The British Left's Jewish Problem

How anti-Zionism, and something worse, has been brought into the mainstream of the British Labor party—and seems to be there to stay.

Labor Party (UK) leader Jeremy Corbyn at an inquiry into party anti-Semitism in London on June 30, 2016. Jeff J. Mitchell/Getty Images.

Labor Party (UK) leader Jeremy Corbyn at an inquiry into party anti-Semitism in London on June 30, 2016. Jeff J. Mitchell/Getty Images.

Observation
Nov. 10 2016
About the author

Liam Hoare is a freelance writer whose work on politics and literature has featured in The Atlantic, The Forward, and The Jewish Chronicle. He is a graduate of University College London’s School of Slavonic and East European Studies.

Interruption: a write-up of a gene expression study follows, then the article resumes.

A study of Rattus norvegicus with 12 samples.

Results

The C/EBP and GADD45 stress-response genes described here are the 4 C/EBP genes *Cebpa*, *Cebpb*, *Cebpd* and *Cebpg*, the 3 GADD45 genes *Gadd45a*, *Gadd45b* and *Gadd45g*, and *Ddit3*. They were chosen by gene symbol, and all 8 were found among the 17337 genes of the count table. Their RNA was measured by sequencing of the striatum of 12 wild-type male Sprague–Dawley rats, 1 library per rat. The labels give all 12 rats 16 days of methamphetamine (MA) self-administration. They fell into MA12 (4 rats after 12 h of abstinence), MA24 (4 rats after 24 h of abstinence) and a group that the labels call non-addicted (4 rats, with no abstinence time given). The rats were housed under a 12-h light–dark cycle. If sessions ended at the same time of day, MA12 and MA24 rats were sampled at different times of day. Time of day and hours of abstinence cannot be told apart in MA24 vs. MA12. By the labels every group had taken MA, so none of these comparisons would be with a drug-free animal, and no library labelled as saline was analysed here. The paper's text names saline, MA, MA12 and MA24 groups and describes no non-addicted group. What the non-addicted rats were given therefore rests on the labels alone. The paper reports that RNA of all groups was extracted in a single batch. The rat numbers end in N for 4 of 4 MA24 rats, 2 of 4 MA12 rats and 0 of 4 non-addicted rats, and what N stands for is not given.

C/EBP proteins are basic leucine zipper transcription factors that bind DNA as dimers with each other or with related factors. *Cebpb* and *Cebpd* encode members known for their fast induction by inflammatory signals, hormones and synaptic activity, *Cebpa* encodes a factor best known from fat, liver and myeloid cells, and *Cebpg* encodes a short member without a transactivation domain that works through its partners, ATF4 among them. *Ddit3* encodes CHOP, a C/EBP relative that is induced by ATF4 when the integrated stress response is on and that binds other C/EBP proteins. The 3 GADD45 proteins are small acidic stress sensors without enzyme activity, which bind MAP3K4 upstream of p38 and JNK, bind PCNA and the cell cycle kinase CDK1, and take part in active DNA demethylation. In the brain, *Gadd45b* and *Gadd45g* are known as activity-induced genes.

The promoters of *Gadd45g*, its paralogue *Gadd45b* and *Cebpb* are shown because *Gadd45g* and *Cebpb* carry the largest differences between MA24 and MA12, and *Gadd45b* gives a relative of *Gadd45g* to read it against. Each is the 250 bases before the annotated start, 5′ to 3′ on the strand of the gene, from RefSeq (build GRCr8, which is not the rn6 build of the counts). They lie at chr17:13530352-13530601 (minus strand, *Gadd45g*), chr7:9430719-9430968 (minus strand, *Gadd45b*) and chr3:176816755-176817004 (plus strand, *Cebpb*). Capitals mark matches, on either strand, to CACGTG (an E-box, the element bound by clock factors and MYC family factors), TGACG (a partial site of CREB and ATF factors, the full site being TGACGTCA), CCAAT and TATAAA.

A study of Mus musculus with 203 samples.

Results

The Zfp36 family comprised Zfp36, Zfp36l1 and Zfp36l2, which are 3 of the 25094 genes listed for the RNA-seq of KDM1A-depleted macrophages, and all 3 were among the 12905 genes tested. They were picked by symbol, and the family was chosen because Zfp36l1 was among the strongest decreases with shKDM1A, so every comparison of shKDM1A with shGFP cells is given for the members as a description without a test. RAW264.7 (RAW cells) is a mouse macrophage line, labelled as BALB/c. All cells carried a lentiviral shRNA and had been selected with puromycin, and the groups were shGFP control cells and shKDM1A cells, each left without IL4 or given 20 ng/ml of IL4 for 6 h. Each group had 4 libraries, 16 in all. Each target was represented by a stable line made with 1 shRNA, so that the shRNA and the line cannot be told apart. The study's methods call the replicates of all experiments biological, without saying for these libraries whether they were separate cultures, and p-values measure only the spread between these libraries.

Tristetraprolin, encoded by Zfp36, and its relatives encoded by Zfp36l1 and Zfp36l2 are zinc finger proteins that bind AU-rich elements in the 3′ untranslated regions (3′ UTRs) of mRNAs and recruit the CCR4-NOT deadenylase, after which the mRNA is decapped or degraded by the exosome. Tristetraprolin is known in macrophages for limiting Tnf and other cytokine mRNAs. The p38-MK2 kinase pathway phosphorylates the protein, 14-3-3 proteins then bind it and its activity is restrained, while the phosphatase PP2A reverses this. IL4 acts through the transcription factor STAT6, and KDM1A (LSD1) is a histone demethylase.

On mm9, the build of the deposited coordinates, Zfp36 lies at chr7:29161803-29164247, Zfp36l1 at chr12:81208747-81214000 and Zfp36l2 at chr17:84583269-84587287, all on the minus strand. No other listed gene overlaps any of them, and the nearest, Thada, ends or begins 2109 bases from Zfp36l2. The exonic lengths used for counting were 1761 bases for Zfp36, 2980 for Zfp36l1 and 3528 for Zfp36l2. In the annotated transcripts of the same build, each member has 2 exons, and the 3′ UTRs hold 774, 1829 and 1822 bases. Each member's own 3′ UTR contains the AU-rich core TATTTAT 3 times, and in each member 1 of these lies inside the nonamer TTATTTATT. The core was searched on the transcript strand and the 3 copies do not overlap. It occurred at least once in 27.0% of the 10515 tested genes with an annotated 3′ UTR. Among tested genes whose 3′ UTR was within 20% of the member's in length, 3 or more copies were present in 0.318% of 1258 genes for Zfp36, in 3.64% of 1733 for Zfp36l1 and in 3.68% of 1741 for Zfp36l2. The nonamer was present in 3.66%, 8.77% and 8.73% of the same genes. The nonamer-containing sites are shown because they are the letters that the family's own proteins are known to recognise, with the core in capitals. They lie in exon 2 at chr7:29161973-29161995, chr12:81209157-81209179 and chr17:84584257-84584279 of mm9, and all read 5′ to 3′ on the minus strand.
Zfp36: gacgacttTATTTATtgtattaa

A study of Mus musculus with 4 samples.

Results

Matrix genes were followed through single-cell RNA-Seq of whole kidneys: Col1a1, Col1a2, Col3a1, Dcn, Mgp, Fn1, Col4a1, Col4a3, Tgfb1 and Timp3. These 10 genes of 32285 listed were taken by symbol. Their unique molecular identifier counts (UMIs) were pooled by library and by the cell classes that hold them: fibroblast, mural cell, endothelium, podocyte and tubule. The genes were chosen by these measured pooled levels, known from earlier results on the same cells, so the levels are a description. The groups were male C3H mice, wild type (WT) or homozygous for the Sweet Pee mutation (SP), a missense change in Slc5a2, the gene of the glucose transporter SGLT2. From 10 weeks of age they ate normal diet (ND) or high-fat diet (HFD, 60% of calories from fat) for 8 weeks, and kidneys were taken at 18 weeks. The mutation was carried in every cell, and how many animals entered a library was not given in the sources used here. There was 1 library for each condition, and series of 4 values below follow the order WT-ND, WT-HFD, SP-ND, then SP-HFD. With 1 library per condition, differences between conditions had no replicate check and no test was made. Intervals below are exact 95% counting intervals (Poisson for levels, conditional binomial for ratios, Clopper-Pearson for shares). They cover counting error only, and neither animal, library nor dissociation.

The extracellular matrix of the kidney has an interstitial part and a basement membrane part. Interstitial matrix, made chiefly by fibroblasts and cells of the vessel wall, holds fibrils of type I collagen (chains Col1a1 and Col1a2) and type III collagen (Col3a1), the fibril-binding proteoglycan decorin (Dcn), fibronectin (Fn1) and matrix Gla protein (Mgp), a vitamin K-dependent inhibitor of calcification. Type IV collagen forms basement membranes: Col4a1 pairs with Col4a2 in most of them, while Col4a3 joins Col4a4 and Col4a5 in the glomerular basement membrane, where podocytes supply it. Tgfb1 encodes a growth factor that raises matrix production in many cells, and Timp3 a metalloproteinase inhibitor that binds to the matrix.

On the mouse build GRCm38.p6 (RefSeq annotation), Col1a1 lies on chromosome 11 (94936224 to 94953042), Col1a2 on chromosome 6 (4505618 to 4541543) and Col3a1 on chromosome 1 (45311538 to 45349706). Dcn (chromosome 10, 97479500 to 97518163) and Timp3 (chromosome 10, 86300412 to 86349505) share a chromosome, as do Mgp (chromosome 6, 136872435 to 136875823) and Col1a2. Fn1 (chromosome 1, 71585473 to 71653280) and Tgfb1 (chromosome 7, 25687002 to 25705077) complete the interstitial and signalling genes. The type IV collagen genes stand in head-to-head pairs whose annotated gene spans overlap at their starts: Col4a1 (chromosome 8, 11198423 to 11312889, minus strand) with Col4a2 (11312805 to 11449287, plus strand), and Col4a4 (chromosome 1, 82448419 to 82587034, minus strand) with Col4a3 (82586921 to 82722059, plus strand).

British politics, and British Jewry in particular, received a shock in 2015 when Jeremy Corbyn won the contest to become leader of the Labor party, a position he retains despite a dramatic attempt to oust him this past September—a so-called coup that turned out to be a total bust. It was a noble effort, to be sure, by the center-left establishment to rid itself of the unreconstructed old-style socialist representing what everyone thought to be the party’s far-left fringe, thankfully long suppressed. This time, however, Corbyn not only won but was reconfirmed in power with a greater majority. As for British Jews, who for some time have been feeling uncomfortable about the direction in which Labor has been headed, this re-election does nothing to halt their gradual drift toward voting Conservative.